Natural gas for domestic use and export

Industrial sector is shifting quickly to utilize cheap gas, which provides advantage to exporters over their international competitors.

June 12, 2013 22:42
3 minute read.
Tamar natural gas rig.

Tamar natural gas rig 370. (photo credit: Albatross)

Israel was blessed by significant discoveries of natural gas over the past four years in the deep water off its Mediterranean coasts. The Tamar and the Leviathan gas fields were the largest discovered in the world in the past decade. These discoveries allow Israel to shift its power generation and industry to utilize domestic, cheap and environmentally friendly fuel. The use of gas will benefit the nation to the tune of some $5 billion per annum.

Due to transportation limitations, natural gas is not a commodity, like oil, and its price is set in the regional market in which it is traded. The price of gas in Israel is about half the price of gas in Europe and one-third the price in Japan. Beginning in 2015 the electricity tariffs are expected to decrease by more than 20 percent due to the use of gas, saving households hundreds to thousands of shekels per year in electricity bills.

In fact, Israel’s speed in shifting its electricity production to gas is breaking a world record. From zero gas utilization 10 years ago, when 80% of the country’s power was produced by coal and 20% by oil, in 2014 we expect 60% to be produced by gas and only 35% by coal, with solar energy and oil making up the rest.

The industrial sector is also shifting quickly to utilize cheap gas, which provides a comparative advantage to exporters over their international competitors.

In addition, hospitals, hotels and households in new neighborhoods and towns will be able to enjoy the benefits of natural gas.

Strategically, reliance on domestic gas lowers Israel’s dependency on imported fuels. It was only two years ago that the Egyptians cut the flow of gas to Israel and Jordan, and Beduin and terrorist groups have blown up the pipeline in Sinai 14 times.

The Jordanians suffered major electricity cuts due to the halt in the flow of gas. The Israelis on the other hand did not sit in the dark as the Israel Electric Corporation was able to shift the power stations to run on costly and polluting diesel and fuel oil instead of gas. This, however, resulted in a surge of 30% in electricity tariffs, since diesel prices are five times higher than natural gas prices.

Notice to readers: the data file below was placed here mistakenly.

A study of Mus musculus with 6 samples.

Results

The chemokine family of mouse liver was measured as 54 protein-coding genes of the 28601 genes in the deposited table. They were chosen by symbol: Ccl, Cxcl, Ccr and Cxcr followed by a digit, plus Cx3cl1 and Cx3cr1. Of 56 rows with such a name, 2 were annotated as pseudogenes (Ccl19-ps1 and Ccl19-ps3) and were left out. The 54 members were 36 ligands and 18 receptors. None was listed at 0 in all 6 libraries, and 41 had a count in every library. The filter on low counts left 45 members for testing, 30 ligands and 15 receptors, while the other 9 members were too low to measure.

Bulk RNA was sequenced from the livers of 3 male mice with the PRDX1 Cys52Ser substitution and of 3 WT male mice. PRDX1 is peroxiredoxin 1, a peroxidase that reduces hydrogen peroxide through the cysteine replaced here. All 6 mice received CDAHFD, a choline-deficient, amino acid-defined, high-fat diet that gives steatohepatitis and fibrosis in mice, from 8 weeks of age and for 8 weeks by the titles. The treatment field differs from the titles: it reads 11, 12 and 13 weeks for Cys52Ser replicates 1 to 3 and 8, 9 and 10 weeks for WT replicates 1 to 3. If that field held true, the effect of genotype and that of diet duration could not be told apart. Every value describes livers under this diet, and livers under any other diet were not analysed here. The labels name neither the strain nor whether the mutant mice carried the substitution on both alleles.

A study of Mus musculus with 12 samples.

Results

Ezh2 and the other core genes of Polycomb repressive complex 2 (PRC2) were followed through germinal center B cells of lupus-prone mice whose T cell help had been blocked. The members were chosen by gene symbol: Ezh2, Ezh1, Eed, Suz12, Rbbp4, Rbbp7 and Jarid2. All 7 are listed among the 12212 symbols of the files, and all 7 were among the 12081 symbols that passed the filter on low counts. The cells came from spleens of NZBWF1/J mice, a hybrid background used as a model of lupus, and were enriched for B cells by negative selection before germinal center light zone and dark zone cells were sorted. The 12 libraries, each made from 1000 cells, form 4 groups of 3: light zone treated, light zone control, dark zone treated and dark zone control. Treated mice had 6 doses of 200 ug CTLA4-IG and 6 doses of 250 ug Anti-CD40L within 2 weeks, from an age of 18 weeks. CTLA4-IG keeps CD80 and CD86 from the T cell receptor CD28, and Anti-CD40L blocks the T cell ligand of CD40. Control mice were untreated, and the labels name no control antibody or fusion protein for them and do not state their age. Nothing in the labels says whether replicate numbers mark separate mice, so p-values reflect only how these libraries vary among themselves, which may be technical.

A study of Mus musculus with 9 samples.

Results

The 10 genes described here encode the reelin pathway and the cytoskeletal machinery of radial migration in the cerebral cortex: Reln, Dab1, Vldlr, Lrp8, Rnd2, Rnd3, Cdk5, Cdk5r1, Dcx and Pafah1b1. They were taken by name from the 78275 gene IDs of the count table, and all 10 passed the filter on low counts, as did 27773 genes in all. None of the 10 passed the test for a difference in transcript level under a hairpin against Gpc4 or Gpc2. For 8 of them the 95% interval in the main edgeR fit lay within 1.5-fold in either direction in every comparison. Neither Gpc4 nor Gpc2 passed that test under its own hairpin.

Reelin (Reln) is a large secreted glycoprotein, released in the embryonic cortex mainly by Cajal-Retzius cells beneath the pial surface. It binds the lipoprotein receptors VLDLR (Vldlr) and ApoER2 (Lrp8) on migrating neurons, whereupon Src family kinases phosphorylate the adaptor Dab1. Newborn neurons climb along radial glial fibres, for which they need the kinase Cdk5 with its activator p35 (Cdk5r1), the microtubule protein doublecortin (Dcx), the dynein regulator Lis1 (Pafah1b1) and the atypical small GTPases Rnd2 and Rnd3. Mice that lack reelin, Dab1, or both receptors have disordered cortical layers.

The Tamar field was commissioned two months ago. The field, located 90 km. offshore from Haifa at a water depth of 1,600 meters, was developed by a consortium of companies led by Houston-based Noble Energy, that has been active in Israel since 1998, together with the Israeli companies of Delek, Isramco and Dor Alon.

This $3.5b. mega-development included drilling five production wells, constructing two parallel, 150 km. pipelines and an offshore gas treatment platform located 20 km. offshore from Ashkelon. From that platform an existing submarine pipeline brings the gas to a receiving terminal in Ashdod.

WITH ALL the benefits of the gas come technical and security risks; relying on one field and one pipeline to supply most of the gas needs of the country. Hence, there is an urgent need to diversify the supply of gas by constructing additional pipelines from Tamar and Leviathan fields.

It is also extremely important to continue the momentum of oil and gas exploration to find more resources and increase the nation’s proven reserves.

For incentive, developers must have the prospect of exporting meaningful amounts of gas to prospective markets such as the Palestinian Authority, Jordan and Turkey, on the one hand, and to nations in the Far East and Europe on the other.

Exporting gas can enhance regional cooperation and bilateral diplomatic relations between Israel and the target export countries. Preventing or imposing major limitations on natural gas exports will cause an immediate halt in gas exploration; the existing reserves can supply the needs of the domestic market for more than half a century.

The sale of gas to the domestic and export markets will yield revenues to the government in taxation and royalties expected to reach some $80b. to $100b. by 2040. Those sums will be deposited in a national sovereign fund for the benefit of our children and grandchildren, and will also be available to the nation in times of crisis.

Furthermore, the availability of gas can facilitate Israel shifting most of its transportation fleet to gas within 20 years. By the utilization of compressed natural gas (CNG), methanol and plugin electric vehicle technologies, Israel can demonstrate that it is possible to lower the world’s addiction to oil, thus lowering global dependency on OPEC.

The author, an energy and natural gas expert, is co-CEO of Eco Energy, an Israelbased strategic and financial consulting firm, and a lecturer at the Interdisciplinary Center Herzelia.